HCBS waivers and state plan services differ in several important ways. First, waiver services are available only to beneficiaries who meet the state’s nursing home LOC criteria; that is, they would be eligible for Medicaid payments in a nursing home if they applied. Nursing home eligibility is not required for beneficiaries using state plan services.
Second, states may set limits on the number of beneficiaries that can be served through waiver programs. The limits are defined as expenditure caps that are part of the cost neutrality formula required for CMS approval. Waivers are only approved if the state demonstrates that Medicaid long-term care expenditures under the waiver will not exceed expenditures that would have been made in the absence of the waiver. States do not receive federal reimbursements for any waiver expenditures that exceed the amount stated in the cost neutrality calculation. In contrast, state plan services are an entitlement, meaning that all beneficiaries who meet the eligibility criteria must be served. Federal funding matches state expenditures without any cap.
Perhaps the most significant difference between the two options is the ability under HCBS waivers to use more generous income-eligibility standards. To be eligible for personal care under the state plan, individuals must meet Medicaid’s community-based eligibility standards, which (depending on the state) are: (1) the Supplemental Security Income (SSI) level of income ($623 per month in 2007), (2) an amount above the SSI standard up to 100 percent of the federal poverty level, or (3) the state’s medically needy income standard.26
For nursing home and HCBS waiver applicants, states may use the special income standard (SIS), an optional eligibility category that allows individuals with income up to 300 percent of the federal SSI benefit ($1,869 in 2007) to be eligible. However, states can only offer this option in HCBS waivers if they offer it to nursing home applicants. Offering the higher income-eligibility standard in the waiver program “levels the playing field” between institutional and non-institutional services.
Table 1-10 summarizes the major differences between waiver services and state plan services.
Although the majority of states use Medicaid to cover services in residential care settings, the number of Medicaid beneficiaries who receive such services is considerably lower than might be expected because many states limit the number of people served under waivers. States using personal care under the state plan to cover services have higher participation rates than states using the waiver because state plan services cannot be capped.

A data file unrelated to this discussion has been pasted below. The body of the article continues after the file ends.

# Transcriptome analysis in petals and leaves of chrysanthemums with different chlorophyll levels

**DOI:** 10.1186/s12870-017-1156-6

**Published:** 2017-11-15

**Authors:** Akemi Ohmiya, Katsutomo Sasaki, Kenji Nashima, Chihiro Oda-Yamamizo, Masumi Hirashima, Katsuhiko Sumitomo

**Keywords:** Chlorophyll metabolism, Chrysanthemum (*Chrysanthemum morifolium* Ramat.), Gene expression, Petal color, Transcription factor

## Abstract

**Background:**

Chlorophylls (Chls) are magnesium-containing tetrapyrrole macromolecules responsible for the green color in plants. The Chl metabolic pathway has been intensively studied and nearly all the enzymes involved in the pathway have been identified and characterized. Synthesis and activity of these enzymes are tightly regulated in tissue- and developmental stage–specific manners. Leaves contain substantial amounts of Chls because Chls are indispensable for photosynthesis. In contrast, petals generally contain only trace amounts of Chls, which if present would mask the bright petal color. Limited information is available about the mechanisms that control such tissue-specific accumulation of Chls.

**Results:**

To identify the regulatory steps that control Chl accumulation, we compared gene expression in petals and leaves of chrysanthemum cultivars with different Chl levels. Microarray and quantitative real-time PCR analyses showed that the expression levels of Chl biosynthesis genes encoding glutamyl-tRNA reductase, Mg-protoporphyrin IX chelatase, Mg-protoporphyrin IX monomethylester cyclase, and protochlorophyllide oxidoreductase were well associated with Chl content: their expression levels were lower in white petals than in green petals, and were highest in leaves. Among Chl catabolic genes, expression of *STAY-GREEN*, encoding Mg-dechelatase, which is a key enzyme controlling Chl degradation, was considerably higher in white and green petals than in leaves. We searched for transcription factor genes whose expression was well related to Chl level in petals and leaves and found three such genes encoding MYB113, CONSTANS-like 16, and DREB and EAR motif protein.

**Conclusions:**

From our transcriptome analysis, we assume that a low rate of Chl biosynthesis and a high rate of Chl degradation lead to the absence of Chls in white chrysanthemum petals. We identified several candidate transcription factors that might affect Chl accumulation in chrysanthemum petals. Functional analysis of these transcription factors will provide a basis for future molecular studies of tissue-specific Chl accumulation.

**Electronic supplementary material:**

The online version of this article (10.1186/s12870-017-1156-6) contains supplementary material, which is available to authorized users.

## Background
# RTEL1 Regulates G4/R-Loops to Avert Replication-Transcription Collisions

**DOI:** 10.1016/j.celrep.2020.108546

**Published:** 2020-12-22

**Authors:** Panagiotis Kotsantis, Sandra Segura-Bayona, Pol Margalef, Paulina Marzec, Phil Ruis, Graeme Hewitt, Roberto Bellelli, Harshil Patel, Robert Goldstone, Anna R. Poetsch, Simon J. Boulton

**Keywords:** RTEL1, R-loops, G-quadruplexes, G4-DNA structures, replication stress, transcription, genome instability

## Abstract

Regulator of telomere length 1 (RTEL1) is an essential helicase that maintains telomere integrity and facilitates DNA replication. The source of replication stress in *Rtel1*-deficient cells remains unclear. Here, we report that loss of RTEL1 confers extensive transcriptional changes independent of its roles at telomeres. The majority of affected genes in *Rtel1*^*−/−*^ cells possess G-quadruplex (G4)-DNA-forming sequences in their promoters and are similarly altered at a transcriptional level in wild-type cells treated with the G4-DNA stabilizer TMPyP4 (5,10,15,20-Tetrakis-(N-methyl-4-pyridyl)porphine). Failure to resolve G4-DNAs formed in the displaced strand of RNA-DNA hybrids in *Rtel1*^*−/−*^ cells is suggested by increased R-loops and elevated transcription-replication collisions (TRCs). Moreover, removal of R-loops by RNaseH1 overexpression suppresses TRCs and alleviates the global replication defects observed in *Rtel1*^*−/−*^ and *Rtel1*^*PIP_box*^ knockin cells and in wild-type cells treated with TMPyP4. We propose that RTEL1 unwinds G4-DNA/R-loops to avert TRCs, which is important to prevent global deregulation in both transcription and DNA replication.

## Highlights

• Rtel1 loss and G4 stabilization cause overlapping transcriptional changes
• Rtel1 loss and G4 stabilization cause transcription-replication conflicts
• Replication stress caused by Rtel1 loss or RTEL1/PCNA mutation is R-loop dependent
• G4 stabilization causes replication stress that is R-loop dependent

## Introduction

TABLE 1-10. Differences Between State Plan and Waiver Services
|State Plan Service||1915(c) Waiver Services|
|Entitlement||States must provide services to all beneficiaries who qualify for Medicaid||States may limit the number of individuals served and restrict services to specific groups (e.g., age 65 or older, persons with MR/DD)|
|Scope||Must be available in the same amount, scope, and duration to all beneficiaries across the state||May limit amount, scope and duration to specific geographic areas or beneficiary groups|
|Duplication between HCBS and the State Plan||Services provided in accordance with state plan||May not duplicate services available in the state plan; may have different limits, definitions, or providers than state plan services|
|Service Criteria||Must meet state plan requirements for services||Must meet the state’s nursing home LOC criteria|
|Income||Must be SSI eligible or meet the state’s community-based income-eligibility standard||State may set eligibility up to 300 percent ($1,869) of the monthly federal SSI payment standard ($623) if also used for nursing home eligibility|
|Approval Period||Continuous unless amended by the appropriate state agency||Initial waivers approved for three years; renewals for five years|
For example, roughly 37,000 Medicaid beneficiaries living in residential settings are served under the state plan in North Carolina (20,442), Michigan (10,300), and Missouri (6,000). Waiver participation is highest in Wisconsin (8,542), Washington (6,193), Oregon (5,983), and Arizona (4,034). Florida serves 3,623 beneficiaries in its waiver program and 11,389 through the state plan.
States do not report the number of Medicaid beneficiaries in residential care settings by age or type of disability. The vast majority of the individuals served are age 65 and older but some may be under age 65. Some may have serious mental illness, acquired brain injuries, or MR/DD. Whatever their age or diagnosis, to be eligible for Medicaid coverage they must meet either the state’s nursing home LOC criteria for waiver services or the state’s service criteria for Medicaid state plan personal care services.
Participation figures are under-reported since a few states do not track and report the number of Medicaid beneficiaries by home or community settings. A few states reported the annual unduplicated number of Medicaid beneficiaries served in residential care settings, but most reported the number of people for a given month. Based on available data, participation is estimated to be just over 115,000 in 2007, down from 121,282 in 2004.
26. Except in 209(b) states which have a Medicaid income-eligibility threshold that is lower than the federal SSI payment.